Do you skip your morning meal and eat dinner late at night? If so, it may increase the risk of death and other heart-related problems, researchers have warned.

The findings, published in the European Journal of Preventive Cardiology, suggest that people with such an unhealthy lifestyle had a four to five times higher likelihood of early death and increased chances of a second heart attack.

“Our research shows that the two eating behaviours are independently linked with poorer outcomes after a heart attack but having a cluster of bad habits will only make things worse,” said co-author Marcos Minicucci, from Sao Paolo State University in Brazil.

For the study, the team involved 113 patients with a mean age of 60, of which 73 per cent were men. The study enrolled patients with a particularly serious form of heart attack called ST-segment elevation myocardial infarction (STEMI).


To improve eating habits, researchers recommended a minimum two hour interval between dinner and bedtime.

“A good breakfast is usually composed of dairy products (fat-free or low fat milk, yogurt and cheese), a carbohydrate (whole wheat bread, bagels, cereals), and whole fruits,” the team said.


Majority of Covid-19 Recovered Complain of Fatigue: Study




In a major study, the researchers have shown that persistent fatigue occurs in more than half of patients recovered from Covid-19, regardless of the seriousness of their infection. Also Read – Corona Vaccine Latest News: Does Govt Have 80K Cr to Buy & Distribute Vaccine, Asks Serum Institute CEO Adar Poonawalla

“While the presenting features of SARS-CoV-2 infection have been well-characterized, the medium and long-term consequences of infection remain unexplored,” said study author Liam Townsend from St James’s Hospital in Ireland. Also Read – This Vitamin Can Reduce Risk of Complications in COVID-19 Positive Patients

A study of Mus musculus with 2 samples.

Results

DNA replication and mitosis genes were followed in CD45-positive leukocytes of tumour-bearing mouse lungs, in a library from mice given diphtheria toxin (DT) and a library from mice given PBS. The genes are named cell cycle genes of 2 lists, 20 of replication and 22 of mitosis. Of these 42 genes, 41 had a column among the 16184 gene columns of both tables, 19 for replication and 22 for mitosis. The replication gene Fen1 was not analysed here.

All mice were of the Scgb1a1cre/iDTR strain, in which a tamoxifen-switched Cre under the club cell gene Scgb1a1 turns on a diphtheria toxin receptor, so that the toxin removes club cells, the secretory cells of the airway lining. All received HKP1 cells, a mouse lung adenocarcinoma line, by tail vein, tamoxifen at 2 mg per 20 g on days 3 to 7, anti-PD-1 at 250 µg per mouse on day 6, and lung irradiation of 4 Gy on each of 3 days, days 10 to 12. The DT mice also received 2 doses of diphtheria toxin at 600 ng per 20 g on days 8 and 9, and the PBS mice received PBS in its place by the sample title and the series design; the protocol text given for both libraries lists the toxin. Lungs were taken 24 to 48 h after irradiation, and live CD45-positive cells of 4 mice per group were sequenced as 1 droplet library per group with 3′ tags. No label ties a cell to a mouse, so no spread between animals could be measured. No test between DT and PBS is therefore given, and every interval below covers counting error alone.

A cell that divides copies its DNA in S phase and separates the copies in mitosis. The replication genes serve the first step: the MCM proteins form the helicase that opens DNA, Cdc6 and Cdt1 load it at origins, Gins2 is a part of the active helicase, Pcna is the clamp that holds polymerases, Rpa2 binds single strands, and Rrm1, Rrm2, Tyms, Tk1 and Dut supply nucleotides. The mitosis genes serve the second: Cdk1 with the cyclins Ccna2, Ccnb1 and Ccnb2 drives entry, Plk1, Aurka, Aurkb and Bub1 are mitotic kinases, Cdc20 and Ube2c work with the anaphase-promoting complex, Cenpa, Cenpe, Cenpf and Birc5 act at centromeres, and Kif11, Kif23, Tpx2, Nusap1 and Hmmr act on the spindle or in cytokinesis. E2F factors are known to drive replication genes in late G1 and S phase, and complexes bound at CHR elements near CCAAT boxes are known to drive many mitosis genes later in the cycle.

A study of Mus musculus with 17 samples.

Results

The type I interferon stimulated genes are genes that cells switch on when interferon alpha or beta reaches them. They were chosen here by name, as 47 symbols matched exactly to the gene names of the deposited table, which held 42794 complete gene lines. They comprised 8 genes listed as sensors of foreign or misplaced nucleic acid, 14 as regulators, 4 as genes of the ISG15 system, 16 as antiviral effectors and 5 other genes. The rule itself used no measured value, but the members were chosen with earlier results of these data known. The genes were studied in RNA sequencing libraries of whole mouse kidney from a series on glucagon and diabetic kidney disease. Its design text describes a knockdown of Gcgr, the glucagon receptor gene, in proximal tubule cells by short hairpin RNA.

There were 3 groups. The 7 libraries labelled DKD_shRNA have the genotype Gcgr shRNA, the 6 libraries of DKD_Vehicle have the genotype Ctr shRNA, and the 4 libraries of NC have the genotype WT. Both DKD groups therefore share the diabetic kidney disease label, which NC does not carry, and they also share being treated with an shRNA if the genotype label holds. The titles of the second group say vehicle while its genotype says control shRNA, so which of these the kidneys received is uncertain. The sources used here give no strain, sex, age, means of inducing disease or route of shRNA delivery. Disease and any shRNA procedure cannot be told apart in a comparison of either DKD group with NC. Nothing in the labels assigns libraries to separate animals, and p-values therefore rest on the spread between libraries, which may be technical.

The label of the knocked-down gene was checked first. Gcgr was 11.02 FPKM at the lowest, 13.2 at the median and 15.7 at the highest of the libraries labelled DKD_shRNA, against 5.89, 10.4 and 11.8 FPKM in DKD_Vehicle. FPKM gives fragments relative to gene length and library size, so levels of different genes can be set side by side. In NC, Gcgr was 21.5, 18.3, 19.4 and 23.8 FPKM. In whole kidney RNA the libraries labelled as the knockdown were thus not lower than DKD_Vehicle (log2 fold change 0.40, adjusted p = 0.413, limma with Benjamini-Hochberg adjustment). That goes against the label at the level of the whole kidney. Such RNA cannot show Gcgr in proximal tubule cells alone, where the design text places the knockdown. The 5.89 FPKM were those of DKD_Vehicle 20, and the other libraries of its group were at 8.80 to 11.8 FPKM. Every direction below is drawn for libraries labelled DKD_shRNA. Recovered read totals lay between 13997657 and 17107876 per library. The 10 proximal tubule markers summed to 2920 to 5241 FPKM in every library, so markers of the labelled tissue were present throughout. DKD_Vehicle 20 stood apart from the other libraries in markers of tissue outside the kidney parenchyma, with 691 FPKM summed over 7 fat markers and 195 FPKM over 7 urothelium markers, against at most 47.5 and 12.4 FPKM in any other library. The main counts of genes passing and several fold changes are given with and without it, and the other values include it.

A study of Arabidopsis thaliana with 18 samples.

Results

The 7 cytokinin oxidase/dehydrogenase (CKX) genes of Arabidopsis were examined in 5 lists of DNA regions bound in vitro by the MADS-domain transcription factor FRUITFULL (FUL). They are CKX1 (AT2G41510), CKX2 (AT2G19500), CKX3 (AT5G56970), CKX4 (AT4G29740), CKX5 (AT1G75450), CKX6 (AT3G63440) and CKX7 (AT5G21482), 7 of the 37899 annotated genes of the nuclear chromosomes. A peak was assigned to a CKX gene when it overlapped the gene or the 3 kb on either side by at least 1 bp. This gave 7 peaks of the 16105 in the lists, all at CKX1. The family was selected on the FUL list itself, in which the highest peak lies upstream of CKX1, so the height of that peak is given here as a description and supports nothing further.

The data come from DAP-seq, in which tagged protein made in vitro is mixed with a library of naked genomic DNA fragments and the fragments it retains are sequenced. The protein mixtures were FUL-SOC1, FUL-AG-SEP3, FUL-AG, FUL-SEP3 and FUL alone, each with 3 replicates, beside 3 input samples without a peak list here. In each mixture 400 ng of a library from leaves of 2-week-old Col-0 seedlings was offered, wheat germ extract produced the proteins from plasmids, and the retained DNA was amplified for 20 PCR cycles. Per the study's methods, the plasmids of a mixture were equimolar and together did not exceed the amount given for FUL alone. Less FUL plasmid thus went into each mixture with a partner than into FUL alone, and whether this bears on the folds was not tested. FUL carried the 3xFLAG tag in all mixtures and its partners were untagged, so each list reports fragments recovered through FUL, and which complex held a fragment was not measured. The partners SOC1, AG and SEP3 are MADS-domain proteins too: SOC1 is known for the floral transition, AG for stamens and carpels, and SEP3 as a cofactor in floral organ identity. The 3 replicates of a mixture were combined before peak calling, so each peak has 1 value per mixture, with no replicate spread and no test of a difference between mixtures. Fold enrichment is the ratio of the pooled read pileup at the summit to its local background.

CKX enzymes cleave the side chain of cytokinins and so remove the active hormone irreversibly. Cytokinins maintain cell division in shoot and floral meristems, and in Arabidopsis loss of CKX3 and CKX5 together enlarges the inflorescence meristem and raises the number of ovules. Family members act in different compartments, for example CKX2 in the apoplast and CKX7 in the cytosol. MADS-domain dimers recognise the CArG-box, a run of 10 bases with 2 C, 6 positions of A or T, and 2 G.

For the study, the research team used a commonly-used scale to determine fatigue in recovered patients, called the Chalder Fatigue Score (CFQ-11). Also Read – Jodhpur Lockdown News: Total Shutdown Imposed in The District Amid Rising Number of COVID-19 Cases | What’s Allowed, What’s Prohibited

They also looked at the severity of the patient’s initial infection (need for admission, and critical/intensive care), and also their pre-existing conditions, including depression.

They also looked at various markers of immune activation (white cell counts, C-reactive protein, Interleukin-6, and sCD25). The study included 128 participants (mean age 50 years; 54 percent female) who were recruited consecutively at a median of 10 weeks following clinical recovery from SARS-CoV-2 infection. More than half reported persistent fatigue (52.3 percent; 67/128) at this point.

The researchers offered an outpatient appointment to anyone who had a Covid-19 positive swab test in their laboratory at St James Hospital. Of the patients assessed in this study, 71/128 (55.5 percent) were admitted to the hospital and 57/128 (44.5 percent) were not.